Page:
Editorials and Opinions

Municipal elections deserve attention

By Volume 49 Senior Editors
Published: October 2009

Comparatively few students pay attention to local politics and the workings of the municipal government, but they are topics important to all Newton residents. October and November in particular are of especial significance. On November 3, residents will be asked to vote for a new mayor, 24 Aldermen, and eight School Committee members.

The five mayoral candidates have been narrowed down to two, Ruth Balser and Setti Warren, following the primary on September 15. Although the candidates share opinions on several city issues, such as the override and park maintenance, they differ widely in background.

Balser has a long history in local politics as an Alderman and State Representative, and is experienced in health care management. Warren has more national than local experience, having worked for the Clinton and Kerry Administrations and directed the New England branch of the Federal Emergency Management Agency.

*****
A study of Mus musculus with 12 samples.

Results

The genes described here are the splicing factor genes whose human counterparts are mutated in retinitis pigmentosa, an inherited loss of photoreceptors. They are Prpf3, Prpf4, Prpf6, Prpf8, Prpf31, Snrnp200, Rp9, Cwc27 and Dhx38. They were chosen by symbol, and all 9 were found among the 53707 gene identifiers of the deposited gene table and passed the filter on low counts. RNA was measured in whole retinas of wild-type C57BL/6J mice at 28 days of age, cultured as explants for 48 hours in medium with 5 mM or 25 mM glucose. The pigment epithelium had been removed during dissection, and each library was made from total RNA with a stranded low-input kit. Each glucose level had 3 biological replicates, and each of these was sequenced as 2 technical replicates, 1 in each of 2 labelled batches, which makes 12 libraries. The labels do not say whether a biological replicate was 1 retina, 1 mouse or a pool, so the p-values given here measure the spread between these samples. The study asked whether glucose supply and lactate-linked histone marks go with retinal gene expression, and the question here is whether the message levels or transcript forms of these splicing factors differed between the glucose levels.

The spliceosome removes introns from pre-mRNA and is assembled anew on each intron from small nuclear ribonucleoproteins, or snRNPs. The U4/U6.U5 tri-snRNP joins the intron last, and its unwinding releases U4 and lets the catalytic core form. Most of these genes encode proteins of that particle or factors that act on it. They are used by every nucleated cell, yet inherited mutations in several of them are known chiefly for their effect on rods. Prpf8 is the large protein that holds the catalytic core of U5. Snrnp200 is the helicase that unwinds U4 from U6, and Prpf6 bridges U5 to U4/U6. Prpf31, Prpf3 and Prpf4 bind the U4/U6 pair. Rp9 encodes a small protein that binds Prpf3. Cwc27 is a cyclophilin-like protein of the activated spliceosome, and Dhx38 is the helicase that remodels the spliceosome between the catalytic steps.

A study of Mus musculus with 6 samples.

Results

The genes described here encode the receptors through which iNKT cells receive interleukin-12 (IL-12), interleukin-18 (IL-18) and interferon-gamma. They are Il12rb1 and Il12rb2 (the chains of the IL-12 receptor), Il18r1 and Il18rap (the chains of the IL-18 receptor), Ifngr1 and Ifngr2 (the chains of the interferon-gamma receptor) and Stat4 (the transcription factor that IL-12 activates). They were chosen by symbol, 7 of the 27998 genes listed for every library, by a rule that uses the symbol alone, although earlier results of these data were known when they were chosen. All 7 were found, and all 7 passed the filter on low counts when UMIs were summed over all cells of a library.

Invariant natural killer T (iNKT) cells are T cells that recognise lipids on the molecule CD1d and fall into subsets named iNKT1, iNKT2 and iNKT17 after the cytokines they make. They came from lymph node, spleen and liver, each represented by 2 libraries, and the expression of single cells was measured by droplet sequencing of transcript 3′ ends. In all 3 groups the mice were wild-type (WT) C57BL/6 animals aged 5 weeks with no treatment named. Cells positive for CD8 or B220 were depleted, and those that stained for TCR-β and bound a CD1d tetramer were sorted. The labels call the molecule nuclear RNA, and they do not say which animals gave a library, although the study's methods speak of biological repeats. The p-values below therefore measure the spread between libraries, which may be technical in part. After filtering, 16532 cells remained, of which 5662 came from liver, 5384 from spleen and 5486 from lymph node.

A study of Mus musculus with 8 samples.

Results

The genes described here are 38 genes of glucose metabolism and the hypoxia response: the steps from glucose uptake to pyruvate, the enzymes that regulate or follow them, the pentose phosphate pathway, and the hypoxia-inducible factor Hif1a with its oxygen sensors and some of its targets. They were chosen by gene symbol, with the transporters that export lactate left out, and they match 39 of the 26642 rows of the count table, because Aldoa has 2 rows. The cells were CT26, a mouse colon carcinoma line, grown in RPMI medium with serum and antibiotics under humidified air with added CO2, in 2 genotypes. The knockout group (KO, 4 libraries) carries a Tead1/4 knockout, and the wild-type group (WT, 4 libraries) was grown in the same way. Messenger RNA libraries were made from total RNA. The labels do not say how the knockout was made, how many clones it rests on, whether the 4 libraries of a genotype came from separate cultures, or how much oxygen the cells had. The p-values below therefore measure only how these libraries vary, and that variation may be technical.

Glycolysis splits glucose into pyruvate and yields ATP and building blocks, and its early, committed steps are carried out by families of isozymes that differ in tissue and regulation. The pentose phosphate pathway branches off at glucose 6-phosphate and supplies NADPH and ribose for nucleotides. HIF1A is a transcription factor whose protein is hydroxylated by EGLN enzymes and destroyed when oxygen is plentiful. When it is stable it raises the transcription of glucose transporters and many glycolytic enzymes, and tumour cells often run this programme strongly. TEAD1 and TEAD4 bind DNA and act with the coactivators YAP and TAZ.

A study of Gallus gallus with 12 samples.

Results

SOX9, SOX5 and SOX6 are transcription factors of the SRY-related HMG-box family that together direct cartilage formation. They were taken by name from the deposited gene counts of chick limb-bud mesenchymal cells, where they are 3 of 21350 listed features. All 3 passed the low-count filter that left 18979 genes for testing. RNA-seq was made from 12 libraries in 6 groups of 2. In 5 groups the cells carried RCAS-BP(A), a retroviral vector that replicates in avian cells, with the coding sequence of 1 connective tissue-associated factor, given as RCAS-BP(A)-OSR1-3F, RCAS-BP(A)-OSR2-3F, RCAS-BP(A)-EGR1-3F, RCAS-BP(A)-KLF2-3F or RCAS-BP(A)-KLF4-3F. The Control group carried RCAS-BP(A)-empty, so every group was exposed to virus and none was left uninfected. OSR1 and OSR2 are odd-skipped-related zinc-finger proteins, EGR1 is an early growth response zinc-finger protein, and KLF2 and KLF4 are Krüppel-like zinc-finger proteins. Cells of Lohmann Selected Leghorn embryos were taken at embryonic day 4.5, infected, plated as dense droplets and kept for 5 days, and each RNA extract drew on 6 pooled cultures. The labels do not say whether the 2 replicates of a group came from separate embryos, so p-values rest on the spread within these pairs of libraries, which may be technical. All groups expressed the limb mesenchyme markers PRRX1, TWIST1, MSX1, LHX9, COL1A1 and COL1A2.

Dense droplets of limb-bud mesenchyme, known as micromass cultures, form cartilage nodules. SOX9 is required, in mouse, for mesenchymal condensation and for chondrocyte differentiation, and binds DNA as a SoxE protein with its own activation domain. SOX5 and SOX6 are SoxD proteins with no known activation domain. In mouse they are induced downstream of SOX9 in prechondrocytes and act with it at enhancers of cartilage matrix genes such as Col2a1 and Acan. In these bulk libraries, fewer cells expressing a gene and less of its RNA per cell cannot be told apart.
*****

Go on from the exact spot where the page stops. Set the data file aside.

While the alderman race receives less coverage, it is no less important. The Board of Alderman functions as Newton’s legislative branch of government, and consists of 24 members’€16 Aldermen-at-Large and eight Ward Aldermen’€to represent each Ward of Newton. This year, candidates are competing for ten Aldermen-at-Large seats and three Ward Aldermen positions.

The November elections also include the School Committee, a group of nine representatives responsible for making changes, setting policies, and dealing with issues surrounding the Newton Public School system. The city mayor serves as an ex-officio member and each of the eight wards elects a representative. This year, an unusually large number’€six out of eight’€of ward seats in the Committee are contested.

Especially now, when Newton must address the North construction, the turf fields at South, and other issues of health care and economy, the upcoming election is of vital importance. The School Committee elections in particular will touch students, since the Committee is responsible for policies that have direct effect on the schools and their policies. The mayoral and alderman elections will also affect students, indirectly through tax and housing policies, as well as city laws and regulations.

Not all cities have completely elective processes for legislative bodies or educational boards, and Newton residents should realize and make the most of their opportunity to directly elect representatives. Denebola encourages students to appreciate the democratic election process, which is even available to registered 18-year-olds. Students are advised to gain understanding of community issues, and to follow these elections and the candidates running in them.